A solo road trip across the winding highways along the coast of Australia and through the thick forests of America’s wild national parks sounds liberating yet daunting at the same time. Many are hesitant to venture into unknown territory alone, but a solo journey allows you to refresh your mind and gain a deeper insight into yourself, making for one of the most rewarding ways to travel. Here is why you should take a solo road trip this summer.
Experience Complete Freedom
With a few days to spare in California at the end of our road trip through the national parks of Utah, a friend and I debated between a visit to Death Valley or to a resort in Palm Springs. A disagreement ensued, fueled by two diverse interests. We were faced with a choice between two very distinct options, with no in-between choice that would satisfy both of our desires.
Experience complete freedom on a solo road trip, and develop an itinerary driven solely by your own interests. Stop and explore the Victorian homes in Astoria, Oregon, on your drive along North America’s scenic West Coast, or keep driving until you hit the golden beaches of California. There's no need to compromise when you're road tripping on your own.
Be Comfortable With Yourself
Entering a pancake restaurant in Amsterdam, I shyly signaled to the waiter that I wanted a table for one. Seated almost immediately, I scanned the room as I was presented a menu and was met by what I perceived to be sympathetic smiles from other diners. The remainder of the tables were occupied by groups and couples surrounded by chatter and laughter.
Though it may feel awkward sightseeing and dining alone for the first time, road tripping solo will teach you to be comfortable in and cherish your own company. You’ll begin to realize that participating in activities alone yields benefits. You can focus on and appreciate your meal more without having to engage in a conversation. You can slowly start to realize that others really aren't judging you. You can even take your time and enjoy your coffee, knowing you're on your own schedule and don't have to worry about anyone else.
On a two-week solo journey in Belgium, I created profiles on Couchsurfing and Tinder explaining my mission to discover favorite local hangouts, hole-in-the-wall eateries and the most refreshing pours of golden wheat beer in Ghent, Antwerp and Bruges. I was met by enthusiasm from a pool of locals and fellow backpackers who shared my mission, and created a multitude of positive connections that I would’ve otherwise missed had I traveled in a group.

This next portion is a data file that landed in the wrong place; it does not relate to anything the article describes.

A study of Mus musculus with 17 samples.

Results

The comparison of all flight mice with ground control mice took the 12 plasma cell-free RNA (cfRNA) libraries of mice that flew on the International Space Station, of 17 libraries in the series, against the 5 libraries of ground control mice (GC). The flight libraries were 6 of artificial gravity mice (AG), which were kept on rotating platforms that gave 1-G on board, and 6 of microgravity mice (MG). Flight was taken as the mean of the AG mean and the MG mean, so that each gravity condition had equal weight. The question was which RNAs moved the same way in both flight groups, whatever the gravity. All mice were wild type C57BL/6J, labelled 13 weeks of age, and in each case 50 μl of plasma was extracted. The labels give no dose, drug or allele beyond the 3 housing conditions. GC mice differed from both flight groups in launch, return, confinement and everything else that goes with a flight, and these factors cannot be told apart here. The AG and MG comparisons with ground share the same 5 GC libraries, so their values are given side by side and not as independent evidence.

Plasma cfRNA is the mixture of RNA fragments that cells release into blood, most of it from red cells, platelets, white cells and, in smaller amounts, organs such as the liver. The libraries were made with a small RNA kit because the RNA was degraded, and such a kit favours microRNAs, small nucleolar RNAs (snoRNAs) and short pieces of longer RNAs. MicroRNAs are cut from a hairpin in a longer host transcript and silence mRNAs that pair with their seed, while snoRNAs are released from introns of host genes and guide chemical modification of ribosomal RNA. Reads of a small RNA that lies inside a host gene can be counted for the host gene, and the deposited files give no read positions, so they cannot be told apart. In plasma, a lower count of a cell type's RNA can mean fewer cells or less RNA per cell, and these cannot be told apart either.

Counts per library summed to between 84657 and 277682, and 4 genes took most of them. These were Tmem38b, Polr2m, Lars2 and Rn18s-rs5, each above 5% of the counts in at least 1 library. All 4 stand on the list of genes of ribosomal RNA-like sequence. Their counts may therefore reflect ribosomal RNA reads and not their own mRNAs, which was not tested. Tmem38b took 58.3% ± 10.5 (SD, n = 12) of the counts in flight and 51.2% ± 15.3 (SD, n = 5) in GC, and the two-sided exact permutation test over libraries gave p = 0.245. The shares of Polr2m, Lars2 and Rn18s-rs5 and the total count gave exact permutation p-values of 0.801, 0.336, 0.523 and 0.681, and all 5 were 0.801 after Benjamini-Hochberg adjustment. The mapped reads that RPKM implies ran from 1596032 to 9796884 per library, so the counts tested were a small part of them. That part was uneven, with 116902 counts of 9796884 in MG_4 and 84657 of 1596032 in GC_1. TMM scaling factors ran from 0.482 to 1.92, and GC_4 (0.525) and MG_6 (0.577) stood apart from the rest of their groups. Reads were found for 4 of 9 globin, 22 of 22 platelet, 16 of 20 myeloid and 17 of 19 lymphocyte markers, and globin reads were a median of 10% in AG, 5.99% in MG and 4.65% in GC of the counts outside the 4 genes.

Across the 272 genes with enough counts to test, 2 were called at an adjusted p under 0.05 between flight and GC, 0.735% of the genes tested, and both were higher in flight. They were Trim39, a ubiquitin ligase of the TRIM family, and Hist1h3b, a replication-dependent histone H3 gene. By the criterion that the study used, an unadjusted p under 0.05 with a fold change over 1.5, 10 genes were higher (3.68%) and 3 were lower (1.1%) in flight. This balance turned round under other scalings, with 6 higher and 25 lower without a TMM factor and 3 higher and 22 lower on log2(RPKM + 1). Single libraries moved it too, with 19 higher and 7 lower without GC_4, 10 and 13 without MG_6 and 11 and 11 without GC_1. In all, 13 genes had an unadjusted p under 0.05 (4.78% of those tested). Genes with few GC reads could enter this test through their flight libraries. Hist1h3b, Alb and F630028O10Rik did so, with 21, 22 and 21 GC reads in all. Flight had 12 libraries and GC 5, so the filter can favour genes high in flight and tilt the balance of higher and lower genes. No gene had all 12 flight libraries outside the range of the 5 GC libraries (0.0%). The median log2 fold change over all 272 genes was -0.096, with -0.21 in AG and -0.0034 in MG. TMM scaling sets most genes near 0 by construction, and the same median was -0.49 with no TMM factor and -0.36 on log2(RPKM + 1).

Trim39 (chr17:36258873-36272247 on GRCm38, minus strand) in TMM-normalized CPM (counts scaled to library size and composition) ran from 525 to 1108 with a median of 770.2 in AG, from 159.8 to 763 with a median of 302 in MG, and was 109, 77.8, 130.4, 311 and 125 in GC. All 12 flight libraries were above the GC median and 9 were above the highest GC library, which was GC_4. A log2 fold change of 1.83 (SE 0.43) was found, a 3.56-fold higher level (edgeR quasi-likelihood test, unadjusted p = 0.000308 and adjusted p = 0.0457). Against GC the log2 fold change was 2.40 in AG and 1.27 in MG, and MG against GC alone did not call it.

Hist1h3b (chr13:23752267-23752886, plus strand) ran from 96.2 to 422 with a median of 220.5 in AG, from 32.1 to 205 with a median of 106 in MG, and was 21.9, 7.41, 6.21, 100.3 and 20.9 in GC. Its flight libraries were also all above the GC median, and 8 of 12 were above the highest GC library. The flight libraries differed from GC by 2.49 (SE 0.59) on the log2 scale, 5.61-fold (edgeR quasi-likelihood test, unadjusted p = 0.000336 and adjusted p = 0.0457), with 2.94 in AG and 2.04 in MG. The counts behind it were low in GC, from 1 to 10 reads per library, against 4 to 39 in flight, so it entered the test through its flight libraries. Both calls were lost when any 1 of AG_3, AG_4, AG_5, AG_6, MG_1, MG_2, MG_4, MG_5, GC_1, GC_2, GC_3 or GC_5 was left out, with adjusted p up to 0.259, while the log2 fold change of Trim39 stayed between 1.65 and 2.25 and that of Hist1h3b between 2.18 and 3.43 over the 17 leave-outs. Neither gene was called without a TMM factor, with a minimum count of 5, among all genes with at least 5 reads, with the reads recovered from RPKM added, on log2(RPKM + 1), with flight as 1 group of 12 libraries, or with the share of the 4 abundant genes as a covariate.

Being the first to strike up a conversation can be daunting, but a solo road trip without the safety and comfort of your social circle will provide a myriad of opportunities to practice connecting with others. Without the company of friends, you’re more likely to be the one to introduce yourself first at a hostel, or to participate in activities with travelers and locals you meet on the road, enriching your friendship circle by forming connections that could potentially be missed traveling with a partner.
When my CouchSurfing host in Bruges informed me he wouldn’t be able to accommodate me less than an hour before our agreed meeting time, I was faced with the decision of what to do next. With no accommodation secured for the night and a dwindling battery on my mobile that held a map of the city, I entered local establishments asking for directions to the city center, which I believed would be my best bet to locate a hostel. Because I didn’t have a travel partner to discuss options and problem solve with, I had to trust myself and my instincts.
A solo road trip can be lonely and unsettling at times when you don’t have a travel partner to bounce ideas off of or to support a decision. But the ability to explore a new destination and problem solve alone is a testament to the strength of your resourcefulness, giving you confidence and a sense of independence. These are skills and lessons that you'll carry with you long after your trip ends.